Faculty Association challenges trustee candidates

By Samantha Bartholomew

With a little over two months before the Board of Trustees elections, the Riverside Community College District Faculty Association formally challenged the candidate designations of Brian Hawley and Sam Davis.

“During (Davis’s) short tenure, which can easily be characterized as a complete disaster,” Rhonda Taube, RCCDFA president, said in an email. “Mr. Davis proved to have absolutely no understanding or appreciation of the values and mission of RCCD as an institution of higher learning.”

Dariush Haghighat, RCCDFA’s vice president, also claimed that Davis never showed any interest in reaching out or forming any kind of relationship with RCCD stakeholders.

“(We are) challenging (Davis’s) designation of “retired educator” and “dentist” for similar reasons. Mr. Davis has not provided evidence that he has taught in any capacity at an educational institution and has not provided evidence that he completed a D.D.S. degree or practiced dentistry,” Haghighat said in an email. “In fact, Mr. Davis’s claim to having received a D.D.S. were rejected by the Riverside Community College District Board of Trustees when he was a member of that body.”

Haghighat also points out that Davis’s failure to provide evidence of degree attainment or career experience and his title of “Dr.” was changed to “Mr.” during his time on the Board.

Davis’s self-designation as a dentist was first called into question when he was first elected to the Board in 2010. The Dental Board of California showed no license for him, but Davis refused to discuss the matter at the time.

The RCCDFA also formally challenged the candidate statement of Hawley, who the association has referred to as “an extremely wealthy businessman with very limited knowledge of education.”

“Mr. Hawley is not currently an educator as his primary vocation, nor has he been one during the past calendar year. Mr. Hawley is a small business owner and not a teacher in either the K-12 or post-secondary education systems in the state of California,” Haghighat said.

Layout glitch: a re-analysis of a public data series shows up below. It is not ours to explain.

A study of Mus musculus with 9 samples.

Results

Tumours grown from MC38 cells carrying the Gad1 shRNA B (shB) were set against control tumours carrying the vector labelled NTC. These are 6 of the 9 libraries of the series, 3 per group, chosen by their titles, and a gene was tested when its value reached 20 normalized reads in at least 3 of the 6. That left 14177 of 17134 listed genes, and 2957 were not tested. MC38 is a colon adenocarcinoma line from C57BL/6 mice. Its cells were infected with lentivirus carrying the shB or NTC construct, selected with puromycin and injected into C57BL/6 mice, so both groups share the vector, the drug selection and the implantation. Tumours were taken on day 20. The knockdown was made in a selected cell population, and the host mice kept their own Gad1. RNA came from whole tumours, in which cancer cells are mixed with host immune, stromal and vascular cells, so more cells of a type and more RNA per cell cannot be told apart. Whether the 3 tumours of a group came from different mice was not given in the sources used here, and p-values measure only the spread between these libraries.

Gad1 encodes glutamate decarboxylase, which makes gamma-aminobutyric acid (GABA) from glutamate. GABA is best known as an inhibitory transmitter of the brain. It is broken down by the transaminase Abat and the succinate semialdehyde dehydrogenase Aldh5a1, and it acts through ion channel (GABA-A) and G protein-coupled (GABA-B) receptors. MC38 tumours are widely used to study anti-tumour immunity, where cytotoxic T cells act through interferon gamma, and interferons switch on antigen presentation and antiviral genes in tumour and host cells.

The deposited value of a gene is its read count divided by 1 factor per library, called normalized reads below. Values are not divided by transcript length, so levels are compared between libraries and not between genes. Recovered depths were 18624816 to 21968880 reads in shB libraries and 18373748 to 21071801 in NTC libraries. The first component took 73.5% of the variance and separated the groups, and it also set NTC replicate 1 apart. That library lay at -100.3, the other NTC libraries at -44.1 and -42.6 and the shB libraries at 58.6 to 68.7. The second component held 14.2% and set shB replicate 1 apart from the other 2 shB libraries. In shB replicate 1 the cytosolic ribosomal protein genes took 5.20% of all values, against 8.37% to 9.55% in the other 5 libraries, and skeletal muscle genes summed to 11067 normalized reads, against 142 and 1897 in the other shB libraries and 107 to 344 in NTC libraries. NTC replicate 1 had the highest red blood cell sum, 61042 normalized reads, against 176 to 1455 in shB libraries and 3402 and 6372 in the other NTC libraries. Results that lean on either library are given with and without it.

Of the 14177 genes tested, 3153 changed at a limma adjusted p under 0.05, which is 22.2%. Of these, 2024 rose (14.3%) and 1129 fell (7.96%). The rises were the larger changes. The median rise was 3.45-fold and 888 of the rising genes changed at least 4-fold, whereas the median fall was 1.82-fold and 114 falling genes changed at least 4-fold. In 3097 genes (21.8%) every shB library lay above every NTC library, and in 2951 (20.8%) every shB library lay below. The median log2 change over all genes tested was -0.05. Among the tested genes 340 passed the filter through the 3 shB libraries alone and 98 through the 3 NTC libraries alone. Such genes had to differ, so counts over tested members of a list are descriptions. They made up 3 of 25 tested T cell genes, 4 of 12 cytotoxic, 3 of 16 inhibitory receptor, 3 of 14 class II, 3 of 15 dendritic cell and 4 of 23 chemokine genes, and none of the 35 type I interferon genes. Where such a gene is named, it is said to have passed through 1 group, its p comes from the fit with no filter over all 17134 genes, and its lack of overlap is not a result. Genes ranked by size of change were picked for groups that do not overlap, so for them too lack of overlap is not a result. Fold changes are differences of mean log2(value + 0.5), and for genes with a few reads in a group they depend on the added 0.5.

Haghighat claims that Hawley used this ballot designation to mislead voters and suggesting that he is an expert in a field in which he has no expertise, both of which are direct violations of the California Elections Code.

In response to the challenge, Hawley submitted to the Registrar of Voters justifying his designation as “educator” are two letters from instructors at University of California, Riverside Extension and California Baptist University confirming Hawley’s presentations in their classes as a guest lecturer.

“We are confident that all of you as true educators share the Faculty Association’s sentiment that the suggestion that a couple of presentations in someone else’s class qualifies one as an “educator” is extremely offensive and insulting to our profession,” Taube said in an email, along with Haghighat.

The RCCDFA obtained a lawyer that specializes in elections to represent them and were told by their attorney, Laurence S. Zakson, that they had a tight case, as Hawley has no practical experience that would allow him to be considered an educator.

“As professional educators themselves, RCCDFA and its members feel very strongly about their vocation and it is presented to the voters and they are deeply concerned that Mr. Hawley’s proposed designation does not comply with the requirements of the Elections Code and has a likelihood of confusing and misleading the public,”  Zakson said in a letter to the Registrar of Voters on Sept. 10.

However, due to time constraints, the association was forced to relent after being told that continuing would prevent the printing of the entire ballot for all of Riverside County for the November election.

The Registrar of Voters rejected the RCCDFA appeals that Hawley ballot designation as “educator.” Since Hawley was a guest lecturer in a UCR extension class, the Registrar of Voters believes Hawley’s ballot designation should remain intact for now.

The legal counsel for the Registrar of Voters told RCCDFA that the best option is to submit a writ to a judge requesting the removal of Hawley’s “educator” ballot designation.    

“We will do everything we can to shed light on Mr. Hawley’s level of deception,” Haghighat said. “We cannot and must not allow a candidate that is aware he cannot win the election fairly and honestly serves as our Trustee.”

Neither Davis nor Hawley responded to Viewpoints’ requests for comment on the challenging of their campaigns.

As of Sept. 19, “retired educator” has been removed from Davis’s designation.